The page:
RELIGIOUS observance in schools is under threat after government ministers agreed to review the practice in the wake of a legal challenge by Humanists.

In Scotland, all young people require parental permission to withdraw from religious observance, unlike England and Wales where older pupils, have the right to opt out.

Originally dating from 1872, the law not been updated since 1980 and the latest guidance from the Scottish Government was issued in 2011.

In September, The Humanist Society of Scotland (HSS) launched legal action after the Scottish Government rejected calls for a change to the current rules which permit only parents to opt out on their children’s behalf.

It followed a ruling by the United Nations Children’s Rights Committee which raised concerns that children in Scotland do not have the right to withdraw from “collective worship without parental permission” and recommended the existing parental right to opt out of religious observance should be extended to young people.

The HSS, a charity for non-religious people in Scotland, said the refusal to update guidance in the wake of the UN review meant ministers had potentially acted unlawfully.

The government will now consider changing the law after campaigners were told their application for a judicial review at the Court of Session had been successful.

But the hearing will now been shelved for three months while the government review gets underway.

Gordon MacRae, chief executive of the HSS, said recently that young people were "trusted to get married, join the army and vote in elections and for the constitutional future of Scotland".

He added: "However, Scottish ministers still do not trust them to make their own decisions about attending religious observance or to give young people the same rights as those living in England and Wales."

Since 2005, Scottish schools have been required to make parents aware they can remove their children from religious education and observance.

Rev Dr Richard Frazer, Convener of Church and Society Council at the Church of Scotland welcomed the consultation but said it was not a decision that "should be taken by any one section of Scottish society" but a "question for Scotland as a whole".

He added: "It is a question of the sort of society we wish to be.

"Within our increasingly diverse and segmented society the Church feels that retaining a space for young people of all faiths and none to meet, to share and to understand one another's values, world views and beliefs, remains a vital hope for the future. "

In non-denominational schools, assemblies are the most common form of religious observance, but schools are expected to draw a clear distinction between these and others celebrating pupil success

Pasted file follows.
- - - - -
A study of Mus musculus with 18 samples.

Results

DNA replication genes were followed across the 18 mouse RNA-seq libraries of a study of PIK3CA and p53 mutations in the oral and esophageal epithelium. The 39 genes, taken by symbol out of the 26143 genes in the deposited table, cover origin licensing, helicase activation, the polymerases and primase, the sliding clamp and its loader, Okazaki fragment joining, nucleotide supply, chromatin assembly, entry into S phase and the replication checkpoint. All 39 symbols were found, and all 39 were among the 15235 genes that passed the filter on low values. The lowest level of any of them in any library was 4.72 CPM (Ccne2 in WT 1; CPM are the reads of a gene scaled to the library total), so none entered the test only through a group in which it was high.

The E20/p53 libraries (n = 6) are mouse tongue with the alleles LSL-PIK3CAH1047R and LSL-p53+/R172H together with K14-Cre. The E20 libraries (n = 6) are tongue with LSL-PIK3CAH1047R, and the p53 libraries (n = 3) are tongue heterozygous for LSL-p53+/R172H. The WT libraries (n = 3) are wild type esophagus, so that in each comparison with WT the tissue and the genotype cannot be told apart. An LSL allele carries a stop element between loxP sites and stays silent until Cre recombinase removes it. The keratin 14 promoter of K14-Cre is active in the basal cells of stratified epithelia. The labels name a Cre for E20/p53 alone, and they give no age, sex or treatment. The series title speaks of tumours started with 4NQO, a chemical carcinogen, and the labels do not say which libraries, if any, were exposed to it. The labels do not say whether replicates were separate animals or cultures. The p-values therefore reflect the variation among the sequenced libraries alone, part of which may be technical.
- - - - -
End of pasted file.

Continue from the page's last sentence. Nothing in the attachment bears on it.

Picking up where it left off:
In Catholic schools pupils participate in prayer and reflection in classrooms and assemblies.

At other times chaplains will lead school communities in the celebration of Mass and other forms of liturgical celebration.

A spokesman for the Bishops’ Conference of Scotland said parents were "opting into a school’s ethos" when they chose a Catholic education for their children.

He said: “Catholic schools are sensitive to the right of parents to withdraw their children, as a matter of conscience and not simply as a matter of preference, but would hope that all children benefit from participation.

“Should the Scottish Government extend the clause to pupils it is hoped that, having understood the reasons why their parents chose a Catholic school for them, pupils would still want to participate as enthusiastically as they do now.

“We would also hope pupils would continue to feel that religious observance was relevant as a way of contributing to their personal and spiritual development.”

Addressing the suspension of the judicial review and planned consultation, a Scottish Government spokesman said: “We believe religious observance in schools should support the values of a diverse, outward-looking Scotland, which encourages young people to develop their own beliefs and values and understand and respect the beliefs and values of others.

“Listening to the views of young people themselves on all aspects of education is very important, as we have clearly recognised through our approach in the Children and Young People (Scotland) Act 2014 and the current Education Governance Review.

"We welcome the opportunity to work with key interests to discuss how we ensure this approach is fully reflected through religious observance guidance.”